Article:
Saroo Brierley Speaks on Finding His Family and How to “Soldier on” with Hope at RootsTech

Contributed By Emmy Gardiner, Church News staff writer

  • 4 March 2019

Saroo Brierley gives a keynote address at the RootsTech family history conference at the Salt Palace in Salt Lake City on Friday, March 1, 2019. Brierley lost contact with his family as a young child in India and was raised by an adoptive family in Australia before later reconnecting with his biological family.  Photo by Spenser Heaps, Deseret News.

Article Highlights

  • Saroo Brierley never gave up on finding his family after he was separated from them as a 5-year-old.
  • Having hope is important when facing trials and questions.
  • Brierley said his journey to find his birth mother was a spiritual one.

“It was so easy to give up. My friends were telling me, ‘You should give up, Saroo. That’s in the past.’ But in order for me to go forward, I had to go back.” —Saroo Brierley, RootsTech keynote speaker

Saroo Brierley, whose life was the inspiration for the 2016 Oscar-winning film Lion, was a keynote speaker at RootsTech in Salt Lake City on Friday, March 1. While addressing a packed audience, he described his life as “a story of hope” and said that after many trials and tribulations, “miracles can happen.”

Twenty-nine years ago, at the age of 5, Saroo left his slum suburb in India and followed his older brother to a local train station. After falling asleep on a bench at the train platform, Saroo became separated from his brother. When he woke up, his brother was nowhere to be found.

Confused, the 5-year-old Saroo decided to board the train in front of him, which eventually landed him at a bustling train station in Calcutta.

“It dawned on me that I was lost, and I started to cry … and fell to my knees,” Saroo said. “[But] the great thing about human beings is that when we do fall on our knees … we learn to pick ourselves back up.”

After deciding to leave the train station, Saroo spent weeks wandering. From almost drowning in a river, to nearly being taken prisoner, Saroo ended up at a local police station where officers started to advertise his name in the local paper. There was no response.

Saroo was then turned over to ISSA (Indian Society of Sponsorship and Adoption), where he stayed for a few months before being put up for adoption.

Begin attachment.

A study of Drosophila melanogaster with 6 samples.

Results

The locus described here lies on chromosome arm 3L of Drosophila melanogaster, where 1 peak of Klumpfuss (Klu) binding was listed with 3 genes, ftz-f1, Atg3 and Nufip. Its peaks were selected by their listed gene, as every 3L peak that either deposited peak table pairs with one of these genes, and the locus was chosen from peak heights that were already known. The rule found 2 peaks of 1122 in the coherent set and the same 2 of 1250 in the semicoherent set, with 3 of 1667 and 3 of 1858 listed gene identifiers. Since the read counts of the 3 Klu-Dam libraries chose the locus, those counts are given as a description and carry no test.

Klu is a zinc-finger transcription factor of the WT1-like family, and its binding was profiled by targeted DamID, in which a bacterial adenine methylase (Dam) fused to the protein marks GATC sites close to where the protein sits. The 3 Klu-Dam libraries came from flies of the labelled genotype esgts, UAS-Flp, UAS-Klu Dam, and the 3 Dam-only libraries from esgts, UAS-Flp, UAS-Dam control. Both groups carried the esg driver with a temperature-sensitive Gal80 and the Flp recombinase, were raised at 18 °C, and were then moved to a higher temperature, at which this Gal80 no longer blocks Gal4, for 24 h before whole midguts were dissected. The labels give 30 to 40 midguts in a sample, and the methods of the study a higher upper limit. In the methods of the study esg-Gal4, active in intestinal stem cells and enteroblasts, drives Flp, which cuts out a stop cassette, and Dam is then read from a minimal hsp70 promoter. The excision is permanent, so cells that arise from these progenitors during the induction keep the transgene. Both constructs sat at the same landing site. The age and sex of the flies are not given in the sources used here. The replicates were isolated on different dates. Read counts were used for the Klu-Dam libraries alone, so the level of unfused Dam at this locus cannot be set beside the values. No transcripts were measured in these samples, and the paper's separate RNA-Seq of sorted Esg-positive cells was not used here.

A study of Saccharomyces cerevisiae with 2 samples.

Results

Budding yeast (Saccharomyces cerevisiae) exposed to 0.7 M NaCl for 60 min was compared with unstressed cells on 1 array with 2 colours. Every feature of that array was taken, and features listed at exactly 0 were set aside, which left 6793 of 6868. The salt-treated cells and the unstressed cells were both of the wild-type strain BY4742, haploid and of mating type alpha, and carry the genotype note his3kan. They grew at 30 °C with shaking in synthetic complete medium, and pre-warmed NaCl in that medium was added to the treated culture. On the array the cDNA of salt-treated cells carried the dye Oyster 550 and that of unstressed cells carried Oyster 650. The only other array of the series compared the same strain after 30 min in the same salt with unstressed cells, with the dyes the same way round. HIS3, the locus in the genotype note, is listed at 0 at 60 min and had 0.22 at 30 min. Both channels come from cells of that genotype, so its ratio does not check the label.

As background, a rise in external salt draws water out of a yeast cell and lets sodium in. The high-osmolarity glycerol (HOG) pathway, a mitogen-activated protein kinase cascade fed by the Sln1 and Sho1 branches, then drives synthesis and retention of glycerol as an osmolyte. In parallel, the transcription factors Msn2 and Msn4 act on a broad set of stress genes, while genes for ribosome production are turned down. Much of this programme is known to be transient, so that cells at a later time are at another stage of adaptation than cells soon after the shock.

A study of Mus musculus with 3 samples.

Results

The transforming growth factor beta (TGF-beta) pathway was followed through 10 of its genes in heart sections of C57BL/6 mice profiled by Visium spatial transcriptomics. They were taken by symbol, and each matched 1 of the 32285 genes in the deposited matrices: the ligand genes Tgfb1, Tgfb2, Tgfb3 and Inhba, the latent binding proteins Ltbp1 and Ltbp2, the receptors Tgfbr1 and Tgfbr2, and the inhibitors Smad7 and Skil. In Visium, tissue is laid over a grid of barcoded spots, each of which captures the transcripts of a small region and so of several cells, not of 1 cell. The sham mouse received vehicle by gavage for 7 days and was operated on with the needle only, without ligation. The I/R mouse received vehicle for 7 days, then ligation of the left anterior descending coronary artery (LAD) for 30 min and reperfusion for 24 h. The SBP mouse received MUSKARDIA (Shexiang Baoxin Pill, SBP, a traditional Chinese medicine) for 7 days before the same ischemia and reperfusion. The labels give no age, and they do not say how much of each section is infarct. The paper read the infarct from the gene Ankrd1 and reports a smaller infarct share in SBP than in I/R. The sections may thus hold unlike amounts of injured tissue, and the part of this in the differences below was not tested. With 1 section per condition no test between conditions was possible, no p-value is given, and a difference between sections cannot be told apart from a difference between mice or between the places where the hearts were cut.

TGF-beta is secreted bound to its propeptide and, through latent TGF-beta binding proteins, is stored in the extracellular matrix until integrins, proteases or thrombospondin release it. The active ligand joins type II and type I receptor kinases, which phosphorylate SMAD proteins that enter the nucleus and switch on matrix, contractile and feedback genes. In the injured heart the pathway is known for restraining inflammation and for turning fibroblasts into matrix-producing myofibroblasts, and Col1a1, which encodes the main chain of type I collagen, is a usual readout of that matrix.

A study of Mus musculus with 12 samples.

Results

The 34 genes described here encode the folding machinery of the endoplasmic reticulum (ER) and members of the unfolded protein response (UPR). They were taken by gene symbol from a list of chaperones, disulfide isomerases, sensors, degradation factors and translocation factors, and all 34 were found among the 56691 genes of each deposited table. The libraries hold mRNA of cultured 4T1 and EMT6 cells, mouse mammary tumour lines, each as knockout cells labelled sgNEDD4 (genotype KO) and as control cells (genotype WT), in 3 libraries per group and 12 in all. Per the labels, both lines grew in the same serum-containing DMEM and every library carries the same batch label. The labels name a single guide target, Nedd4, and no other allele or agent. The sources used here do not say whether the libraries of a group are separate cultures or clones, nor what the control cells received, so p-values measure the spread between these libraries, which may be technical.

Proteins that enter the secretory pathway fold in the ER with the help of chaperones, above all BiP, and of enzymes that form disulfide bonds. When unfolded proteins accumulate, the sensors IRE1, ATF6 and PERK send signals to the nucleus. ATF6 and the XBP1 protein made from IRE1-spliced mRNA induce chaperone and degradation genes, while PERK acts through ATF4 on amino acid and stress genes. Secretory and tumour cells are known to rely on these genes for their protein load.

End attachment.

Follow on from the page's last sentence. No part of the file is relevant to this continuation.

Within weeks, Saroo was flying across the world to Australia, where he was adopted by Sue and John Brierley. He remembers meeting them for the first time at the Melbourne Airport.

“I had this massive block of chocolate in my hand and it was dripping on the floor. … My adopted mother got a tissue out of her pocket and [wiped my face] and gave me a teddy bear,” Brierley recalled. “At that point, the [connection] between mother and father and son was created.”

Though Brierley loved his life in Australia and felt fortunate to have been adopted by such loving parents, there was still a nagging void in his heart.

“As time went on, I never forgot about my past. I had this feeling of nostalgia, the feeling of being stuck between a rock and a hard place,” Brierley said. “I often thought, ‘Is there ever a way of finding my family?’”

Finally, in his early 20s, Saroo decided to do something about it. He started compiling information detailing everything he could remember from his hometown: were there hills, mountains, rivers? What kinds of animals were there, what kind of cultural events?

With the help of Google Earth, Saroo finally had a breakthrough in his years-long search. He was looking for a train station in India with a water tower on the left, a ravine further on, a bridge, and a train station on the right-hand side. Saroo described it like trying to “find a needle in a haystack.”

“I zoomed in on this train station and it looked exactly the way I remembered it,” he said.

Saroo had finally found his home, but it wasn’t without sacrifice.

“It was so easy to give up. My friends were telling me, ‘You should give up, Saroo. That’s in the past,’” Brierley said. “But in order for me to go forward, I had to go back.”

With that, Saroo hopped on a plane to Khandwa, India, and when he returned to his hometown, it was like he never left.

“The muscle memory in my legs decided to follow a path, and within about 30 minutes I was standing outside the house where I was born.”

Saroo was reunited with his mother after 26 years of searching. In a subsequent 60 Minutes documentary, Saroo’s biological mother and his adopted mother met for the first time, something he will never forget.

“I’m so privileged to have two mothers, a mother that gave me birth to a mother that gave me a second chance in life,” he said.

“The fusion elements of hope, determination, sheer grit, and being fierce is how I managed to do what I did. I took a chance and created a difference.”

In a Q&A after the presentation, Saroo couldn’t emphasize enough the role that hope and spirituality played in his journey.

Saroo noted that when his biological mother wasn’t around, he spent a lot of time with a religious leader in his village named “the Holy Man.”

“He had a massive influence on me to value nature and spirituality,” he said. “[I can’t deny] that this [story] has massive spirituality in it.”

He continued, “Never give up hope. … If you lose hope, you lose everything. I never lost hope; I soldiered on.”

People listen as Saroo Brierley gives a keynote address at the RootsTech conference at the Salt Palace in Salt Lake City on Friday, March 1, 2019. Brierley talked about the importance of soldiering on with hope in the face of trials. Photo by Spenser Heaps, Deseret News.